Ceramics Page 7

Great Canadian Ceramics

Canadian Plates - John Aynsley, Muskoka Views, 1880s

Great Canadian Heritage Treasure

The Axe... the Ox... and the Hoax...

Thousands of hopeful British immigrants tried to hackhomes out of the Canadian wilderness in the early 1820s and 30s.

They were soon followed by wealthy British gentlemen tourists who hoped to taste a bit of the Canadian wilderness themselves, like Lord Milton's and Dr. Cheadle's expedition to the Rockies in 1862-63.

Today's southern Ontario was being subdued with the axe, the ox, and the hoax - unscrupulous land speculators were selling swampland, infertile scrub and cedar bog, to ignorant British families that had brought their life savings to invest in Canada.

Then, as now, it was the middle man who was getting rich, by paying low and selling high. These were, then as now, mostly town and city folk, who, as a result, had savings and disposable income. Tourism, formerly the realm of the rich, became a middle class preoccupation by the 1880s.



Plate, Mill, Bracebridge - John Aynsley, Muskoka Views, 1880s
Orig. plates - Size - 22.5 cm
Found - Toronto, ON
Mazarine blue & gilt borders
City folk, crowded in by heavy urban smog from coal fires and filth - sewage in Toronto harbour was knee deep - sought escape and adventure in a quiet place where people were few, and the water drinkable, like Ontario's lake country bounding the northern edge of the arable landOne of these prime areas was the Muskoka Lakes, left.

People from urban areas further south came up by trains, which, after the 1850s, were snaking further into the hinterlands.

At the railhead they would climb aboard steamships, like the Seqwin, sill plying these same waters, as it has been doing for a hundred years, to take them still further from civilization.

Long dresses, suits and ties, straw boaters, woven picnic baskets, and parasols were de rigeur for these wilderness outings.

Picnic tables were provided by Mother Nature herself, with the granite outcroppings from the Canadian Shield that was useless land for farming.

These outings to cottage country took place for a few days or weeks in summer, then it was back to the din and smog of the crowded urban life of the increasingly polluted towns and cities further south.

To tide you over, in those dark winter months, you brought back souvenirs as a reminder of better places up north.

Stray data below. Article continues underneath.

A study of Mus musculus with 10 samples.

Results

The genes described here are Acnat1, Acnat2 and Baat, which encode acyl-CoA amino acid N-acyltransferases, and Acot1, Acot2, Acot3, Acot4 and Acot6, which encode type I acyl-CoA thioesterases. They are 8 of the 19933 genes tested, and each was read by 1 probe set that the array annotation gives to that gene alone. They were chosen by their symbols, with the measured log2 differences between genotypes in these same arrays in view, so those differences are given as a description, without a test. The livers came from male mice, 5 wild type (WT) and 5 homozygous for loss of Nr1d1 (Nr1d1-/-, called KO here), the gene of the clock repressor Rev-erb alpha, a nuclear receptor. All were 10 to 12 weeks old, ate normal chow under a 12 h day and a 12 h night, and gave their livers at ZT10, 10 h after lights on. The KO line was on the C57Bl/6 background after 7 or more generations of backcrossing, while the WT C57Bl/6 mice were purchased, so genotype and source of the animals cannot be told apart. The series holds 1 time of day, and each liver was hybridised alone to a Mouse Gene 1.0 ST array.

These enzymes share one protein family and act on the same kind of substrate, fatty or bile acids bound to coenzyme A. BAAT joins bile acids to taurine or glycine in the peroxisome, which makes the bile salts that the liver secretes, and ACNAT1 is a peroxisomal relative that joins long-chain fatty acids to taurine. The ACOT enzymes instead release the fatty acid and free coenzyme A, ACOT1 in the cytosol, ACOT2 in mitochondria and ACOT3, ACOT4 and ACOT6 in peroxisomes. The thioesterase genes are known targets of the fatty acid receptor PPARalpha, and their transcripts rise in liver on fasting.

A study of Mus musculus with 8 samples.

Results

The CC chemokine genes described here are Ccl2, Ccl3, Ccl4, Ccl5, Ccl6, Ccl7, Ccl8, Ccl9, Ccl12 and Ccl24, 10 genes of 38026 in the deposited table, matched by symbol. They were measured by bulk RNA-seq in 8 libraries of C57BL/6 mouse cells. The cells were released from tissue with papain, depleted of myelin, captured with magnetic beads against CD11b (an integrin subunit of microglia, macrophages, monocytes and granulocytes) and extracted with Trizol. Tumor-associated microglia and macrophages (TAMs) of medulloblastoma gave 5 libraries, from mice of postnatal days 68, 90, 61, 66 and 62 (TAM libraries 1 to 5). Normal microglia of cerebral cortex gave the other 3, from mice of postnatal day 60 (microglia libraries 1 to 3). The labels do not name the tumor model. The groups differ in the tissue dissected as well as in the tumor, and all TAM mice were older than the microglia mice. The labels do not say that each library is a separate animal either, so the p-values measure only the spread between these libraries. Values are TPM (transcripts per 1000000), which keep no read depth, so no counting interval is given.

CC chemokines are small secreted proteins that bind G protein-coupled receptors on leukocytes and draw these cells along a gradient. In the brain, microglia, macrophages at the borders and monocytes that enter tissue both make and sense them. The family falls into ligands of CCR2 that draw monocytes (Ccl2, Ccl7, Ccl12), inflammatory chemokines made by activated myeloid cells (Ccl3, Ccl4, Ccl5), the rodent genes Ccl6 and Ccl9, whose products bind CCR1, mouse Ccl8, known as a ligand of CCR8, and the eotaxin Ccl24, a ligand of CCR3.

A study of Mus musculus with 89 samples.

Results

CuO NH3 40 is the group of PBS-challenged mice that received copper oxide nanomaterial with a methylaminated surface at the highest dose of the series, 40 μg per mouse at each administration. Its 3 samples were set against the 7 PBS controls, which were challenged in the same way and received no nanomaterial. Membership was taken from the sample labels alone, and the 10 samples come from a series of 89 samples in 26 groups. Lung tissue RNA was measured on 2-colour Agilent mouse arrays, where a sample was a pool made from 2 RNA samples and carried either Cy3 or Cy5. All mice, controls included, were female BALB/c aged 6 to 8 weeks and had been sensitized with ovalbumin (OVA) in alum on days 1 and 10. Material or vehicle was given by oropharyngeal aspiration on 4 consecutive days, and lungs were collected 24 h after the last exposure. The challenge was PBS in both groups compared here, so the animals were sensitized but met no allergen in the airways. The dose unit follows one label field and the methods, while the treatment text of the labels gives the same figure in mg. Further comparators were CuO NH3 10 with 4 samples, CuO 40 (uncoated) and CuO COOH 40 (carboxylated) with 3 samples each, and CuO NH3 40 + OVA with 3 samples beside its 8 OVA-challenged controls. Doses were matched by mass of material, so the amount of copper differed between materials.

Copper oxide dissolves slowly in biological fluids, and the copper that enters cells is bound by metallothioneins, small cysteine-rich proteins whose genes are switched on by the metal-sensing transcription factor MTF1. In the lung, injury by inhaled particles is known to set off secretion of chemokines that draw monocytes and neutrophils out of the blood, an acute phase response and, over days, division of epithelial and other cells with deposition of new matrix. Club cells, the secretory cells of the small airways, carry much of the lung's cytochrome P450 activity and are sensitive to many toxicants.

That's how these rare plates of Canadian topographical views came to be. They were high class plates designed for middle class families. But very few must have been made as they are exceedingly rare to turn up.

A look at the back of one of these rare plates shows the Aynsley mark, and the unique title for each scene that was hand-painted on the back of each plate.
Great Canadian Heritage Treasure
Victorian Plates - 1880s

John Aynsley, Muskoka (Ontario, Canada) Views

12 ultra-rare Canadian commemorative plates, featuring topographical views of Muskoka in the 1880s. A set of 22 of them sold at auction in Toronto in 2006, for $57,000 Canadian.
Among the Water Bungamina, Lake Joseph
From Lamores Point, Masquash Channel Mill at Bracebridge
Monominees Channel Morris Island, Lake Joseph
North Falls, Bracebridge Pool Above South Falls
Scene on Lake Joseph The Narrow Pass, Beausoleil Island
The Narrows, Muskoka Lake View on Muskoka River
Copyright Goldi Productions Ltd. - 1996, 1999, 2005
Great Canadian Heritage Treasure
No Axe, No Ox - Just Hoax

When the summer tourists were tiring of rowing the punt around the lake for the umpteenth time, they could always go to the nearby Indian camp to see how the natives were doing. And that was poorly, of course, like their partners in hardship, the farmers of the nearby bogs and rocks.

Indians still lived in their traditional tipis, and followed their subsistence way of life, but were being shunted off to land the white man had no use for - the rocky shield country of rivers and lakes, or the sandy lake shores.

Left, Frederick Verner painted them in 1878 as he found them, totally unsophisticated in the wiles of white land speculators and crooked government agents who took their lands with bogus signatures, empty promises, in scores, if not hundreds, of crooked land deals that countless governments since have refused to rectify.

But the Indians were lucky in one respect; in Canada they were only being cheated and robbed by smooth talking white men in suits.

In the US their cousins were being massacred by the thousands - men, women, and children - to make way for white settlers, when they tried to speak up for their rights as the original land owners of America.

Another way Canada is different from the US...

Ojibway Family Gathering, FA Verner 1878
Orig. wc - Size - 10" x 14"
Found - Toronto, ON
An Ojibway camp, masterfully captured forever by Frederick Verner, somewhere in the norther lakes region of Ontario, at a time when Canada's First Peoples were still living in a traditional way.

Frederick has given us a good view of a typical tipi used by the Woodland Indians for thousands of years - basically a simple tripod with extra poles, and draped with large pieces of birch bark. It was wide open at the top to let smoke out. A blanket door, held in place with another pole, also could be opened up to allow more light in. What is astonishing is the small size of the tipis.